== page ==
Human Narratives And Writing Compelling Stories

Updated: May 20, 2020

To the modern audience, public relations evokes more than a notion of branding, brief customer contact and sales. Emotions are at play here with a deeper capacity to connect us to the inanimate, breathing new life into brands with a human touch. Modern technologies are seen as essentially lifeless, made of metal and steel, however they are very much a large driving force in our lives.

Those in branding know by heart the importance of reinventing customer-centric narratives involving the presentation of these products as beautiful solutions to our existing day-to-day problems. They are then designed and packaged into a unique identity, ready for consumption.

Let's take a vacuum cleaner as an example – a vacuum cleaner is simply an ordinary household tool. If we rewrite the narrative of the same vacuum cleaner to have been created for a happy home due to its ability to clean even the most stubborn of dirt, comes with sustainable energy consumption and produces low noise levels, it tells the audience that much thought is put into its conception thus, makes it extraordinary.

“Facts alone are rather dull, but stories can make you laugh, cry and buy”. Through sheer instinct a skilled PR practitioner seeks to disrupt the market through inspiring conversations that journalists alike would indulge. No one in the industry would have the time to entertain a half-baked story, especially when their readers are at the receiving end. Similarly, content that is lacking quality will not captivate and capture imaginations, much less influence people to act.

We live in the golden age of content, crafting a narrative for your brand has become more important than ever.

Here’s how you can tell your audience a good brand story to last a lifetime:


The concept of storytelling – We begin, we anticipate, we explore and end with an understanding.

An assembly of events, pertaining to the beginning and progress of your brand, product or service can fit into a consistent, relatable plot. Companies should not shy away from the opportunity to present stories of their brand or products; talk about your origin story, visions, ideas and even failures.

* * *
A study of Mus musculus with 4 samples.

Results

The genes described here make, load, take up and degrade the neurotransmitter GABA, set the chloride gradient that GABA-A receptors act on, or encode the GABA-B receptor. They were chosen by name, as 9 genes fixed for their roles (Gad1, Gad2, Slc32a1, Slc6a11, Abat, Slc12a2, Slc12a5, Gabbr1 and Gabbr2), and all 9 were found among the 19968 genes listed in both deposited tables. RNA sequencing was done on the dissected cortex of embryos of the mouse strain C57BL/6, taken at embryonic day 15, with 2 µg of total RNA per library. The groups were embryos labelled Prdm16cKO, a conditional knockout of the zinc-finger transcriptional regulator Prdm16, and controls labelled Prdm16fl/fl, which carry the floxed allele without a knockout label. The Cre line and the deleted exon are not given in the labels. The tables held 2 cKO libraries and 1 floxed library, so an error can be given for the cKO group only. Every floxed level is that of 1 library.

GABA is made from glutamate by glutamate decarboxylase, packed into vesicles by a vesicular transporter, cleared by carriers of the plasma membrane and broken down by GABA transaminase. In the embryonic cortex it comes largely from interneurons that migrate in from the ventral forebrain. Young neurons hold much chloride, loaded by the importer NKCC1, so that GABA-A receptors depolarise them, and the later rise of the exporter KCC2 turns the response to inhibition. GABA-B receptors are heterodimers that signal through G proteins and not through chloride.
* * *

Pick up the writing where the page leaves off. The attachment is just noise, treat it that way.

PR deals in truth and transparency with the knowledge that different audiences are moved by different things. Which is why it’s important to pay extra attention to constructing a narrative that would resonate with an intended audience while avoiding topics or subjects that would equally upset them.

Trust and Reliability

Forming deep meaningful relationships and conversations with consumers is a milestone for many successful companies.

Reliability is also essential to maintaining what was established. Companies should not solely focus on building their customers’ trust in what is offered in terms of products but should also take the time to focus on expanding on how the brand can be reliable as a whole.

This can be done through a narrative of consistent exemplary customer service, friendly communications on social media addressing any concerns and PR campaigns concentrated on the interpersonal experience between brand and consumer.


Just as language is action, words and stories have meaning and so do the stories that PR professionals craft. As professional communicators, public relations have the power to influence the actions of consumers by learning to understand the state of society and their interests. The PR professional is a keen observer of society and has a huge interest in people, the way they think, their likes and dislikes.

People often relate to one another through lived experiences. Brands alike are given plenty of opportunities to identify on a similar level and taylor their approaches accordingly.


Everyone loves a twist in a story.

Unpredictability can serve as a show stopper to even the dullest of narratives. With confidence, a brand may approach their story in a different light, leading to a self-discovery of potential appeal. As an example, a male-centric brand may opt to encourage women empowerment through pushing ideals that it is “manly” to support female counterparts, attracting the attention of a feminine crowd.

Crucially, stories are only effective when they are authentic and accompanied with other key elements of storytelling. They usually hold more power when supported with facts and like any strong narrative, they revolve around a clear purpose. While stories told during dinner parties seek to amuse, in business, it is better to tell stories that will make an impact.